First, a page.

It is not always the trucker alone who is responsible for big rig wrecks. Fault may lie with the trucking company.
It goes without saying that driving on the highway in the presence of 18-wheelers is enough to give many drivers serious concerns. It is well known that big rigs can and do get involved in some really nasty accidents, often resulting in either serious injuries or death for those they hit. While they keep American industries moving, they are often in violation of rules of the road, rules of safety or rules of the government in order to get paid a decent living.
“The very size of these vehicles means any wrecks will be ugly and often fatal. Truck versus car collisions can also be caused by a car driver, a negligent trucker, a defect with the truck or the company that owns the vehicle and hired the trucker,” said Brooks Schuelke, an Austin personal injury lawyer with Perlmutter & Schuelke, L.L.P.
It is fairly common knowledge that there is a legal limit on the amount of time a trucker can drive each day. This is often referred to as hours of service. The idea behind this is to keep fatigued drivers off the road, because being tired means making just about as many mistakes as being drunk; a disaster in the making.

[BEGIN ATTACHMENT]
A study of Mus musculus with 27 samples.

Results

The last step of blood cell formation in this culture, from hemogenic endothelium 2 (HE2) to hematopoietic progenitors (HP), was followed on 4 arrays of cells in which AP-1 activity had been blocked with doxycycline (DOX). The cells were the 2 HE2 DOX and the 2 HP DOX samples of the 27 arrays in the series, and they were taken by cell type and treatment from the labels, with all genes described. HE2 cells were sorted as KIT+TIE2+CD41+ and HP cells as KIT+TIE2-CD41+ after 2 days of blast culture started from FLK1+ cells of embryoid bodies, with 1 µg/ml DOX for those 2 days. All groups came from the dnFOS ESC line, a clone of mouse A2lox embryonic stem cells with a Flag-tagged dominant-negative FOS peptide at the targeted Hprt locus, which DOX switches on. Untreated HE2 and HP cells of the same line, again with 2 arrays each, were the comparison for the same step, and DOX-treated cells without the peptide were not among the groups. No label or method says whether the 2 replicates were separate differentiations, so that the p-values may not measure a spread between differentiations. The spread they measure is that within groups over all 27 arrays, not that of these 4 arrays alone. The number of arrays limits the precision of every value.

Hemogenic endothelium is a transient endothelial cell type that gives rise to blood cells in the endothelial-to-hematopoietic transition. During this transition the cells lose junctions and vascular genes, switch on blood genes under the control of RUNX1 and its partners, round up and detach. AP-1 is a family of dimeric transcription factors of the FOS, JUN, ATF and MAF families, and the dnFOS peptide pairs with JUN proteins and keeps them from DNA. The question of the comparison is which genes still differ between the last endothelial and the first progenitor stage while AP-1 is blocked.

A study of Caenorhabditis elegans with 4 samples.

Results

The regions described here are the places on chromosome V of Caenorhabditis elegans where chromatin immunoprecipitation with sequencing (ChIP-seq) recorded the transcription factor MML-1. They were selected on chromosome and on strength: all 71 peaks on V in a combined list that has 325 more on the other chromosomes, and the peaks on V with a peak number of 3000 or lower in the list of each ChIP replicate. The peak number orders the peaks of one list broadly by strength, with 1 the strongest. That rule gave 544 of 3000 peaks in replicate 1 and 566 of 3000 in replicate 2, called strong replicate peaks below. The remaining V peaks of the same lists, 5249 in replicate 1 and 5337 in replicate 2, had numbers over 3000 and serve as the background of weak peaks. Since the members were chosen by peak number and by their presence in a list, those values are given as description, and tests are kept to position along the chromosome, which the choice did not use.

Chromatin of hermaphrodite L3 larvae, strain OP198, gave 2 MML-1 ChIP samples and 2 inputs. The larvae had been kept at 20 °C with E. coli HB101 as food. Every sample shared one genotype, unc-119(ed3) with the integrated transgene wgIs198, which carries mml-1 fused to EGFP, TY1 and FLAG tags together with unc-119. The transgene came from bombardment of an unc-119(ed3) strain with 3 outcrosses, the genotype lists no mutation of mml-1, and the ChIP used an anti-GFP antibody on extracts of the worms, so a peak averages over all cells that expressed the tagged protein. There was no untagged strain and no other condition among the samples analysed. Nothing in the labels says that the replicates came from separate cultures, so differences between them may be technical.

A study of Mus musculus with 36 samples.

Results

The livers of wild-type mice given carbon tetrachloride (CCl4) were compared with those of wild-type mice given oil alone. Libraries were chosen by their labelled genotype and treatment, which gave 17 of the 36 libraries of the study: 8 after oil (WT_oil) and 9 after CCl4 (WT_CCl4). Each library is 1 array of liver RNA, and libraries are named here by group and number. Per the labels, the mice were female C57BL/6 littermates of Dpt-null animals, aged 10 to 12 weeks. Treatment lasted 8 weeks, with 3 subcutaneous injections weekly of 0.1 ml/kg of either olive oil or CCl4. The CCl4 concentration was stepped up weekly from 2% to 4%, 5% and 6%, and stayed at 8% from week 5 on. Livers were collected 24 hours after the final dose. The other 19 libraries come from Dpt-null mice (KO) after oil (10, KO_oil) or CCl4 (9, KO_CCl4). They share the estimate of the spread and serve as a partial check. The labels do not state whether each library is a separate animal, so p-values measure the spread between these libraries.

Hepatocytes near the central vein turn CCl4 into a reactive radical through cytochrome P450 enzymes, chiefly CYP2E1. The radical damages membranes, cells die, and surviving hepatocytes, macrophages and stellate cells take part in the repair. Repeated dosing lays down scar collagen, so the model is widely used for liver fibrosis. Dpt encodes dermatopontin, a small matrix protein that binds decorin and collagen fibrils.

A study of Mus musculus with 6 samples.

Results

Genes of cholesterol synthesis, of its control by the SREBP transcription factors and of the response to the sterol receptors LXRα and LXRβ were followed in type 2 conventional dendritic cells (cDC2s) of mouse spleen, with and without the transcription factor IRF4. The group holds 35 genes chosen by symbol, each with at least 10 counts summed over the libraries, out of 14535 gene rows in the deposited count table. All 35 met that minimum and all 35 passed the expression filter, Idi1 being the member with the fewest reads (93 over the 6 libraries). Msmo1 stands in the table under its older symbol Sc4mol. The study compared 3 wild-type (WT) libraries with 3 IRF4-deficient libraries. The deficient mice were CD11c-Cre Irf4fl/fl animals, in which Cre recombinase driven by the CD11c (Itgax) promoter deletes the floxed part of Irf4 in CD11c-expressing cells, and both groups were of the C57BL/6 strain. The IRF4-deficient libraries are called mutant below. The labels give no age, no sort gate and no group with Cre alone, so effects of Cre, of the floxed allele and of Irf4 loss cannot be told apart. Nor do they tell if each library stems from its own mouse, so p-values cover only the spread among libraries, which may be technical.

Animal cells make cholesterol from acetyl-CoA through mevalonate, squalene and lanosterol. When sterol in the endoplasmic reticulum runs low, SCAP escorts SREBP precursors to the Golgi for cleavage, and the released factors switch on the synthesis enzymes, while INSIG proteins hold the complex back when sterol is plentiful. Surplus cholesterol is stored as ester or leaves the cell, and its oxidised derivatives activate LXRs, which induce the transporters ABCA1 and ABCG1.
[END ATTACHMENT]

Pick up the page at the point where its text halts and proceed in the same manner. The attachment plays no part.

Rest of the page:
“Sadly, some trucking companies turn a blind eye when truckers violate the hours of service rules or instruct them to ignore the rule and get stuff delivered fast, to meet or beat a deadline. Trucking companies are not immune to the rules and when they choose to flaunt them, they may be held responsible for a truck wreck,” Schuelke said.
Negligent hiring is another very real concern in the trucking industry. This means precisely what it says, that the trucking company hires without checking driver’s extracts or records. For all they know, the person has a string of citations for reckless driving or has been fired previously for driving like a maniac.
Instead of just hiring someone with a pulse, companies need to do due diligence to ensure drivers are safe, reliable, trustworthy and good drivers. Should they ultimately hire a lemon without checking the background details and an accident happens, the company could be the one on the mat facing the music.
“Not training their new hires properly or not maintaining the fleet as required are two other areas where trucking companies may run afoul of the law when one of their truckers is involved in an accident. These various scenarios are one of the many reasons why trucking accidents are as complex as they are. If you have been involved in one, you will need to know where you stand. I’d be happy to answer your questions if you call me,” Schuelke said.
Contact Perlmutter & Schuelke PLLC at Civtrial.com or (512) 476-4944.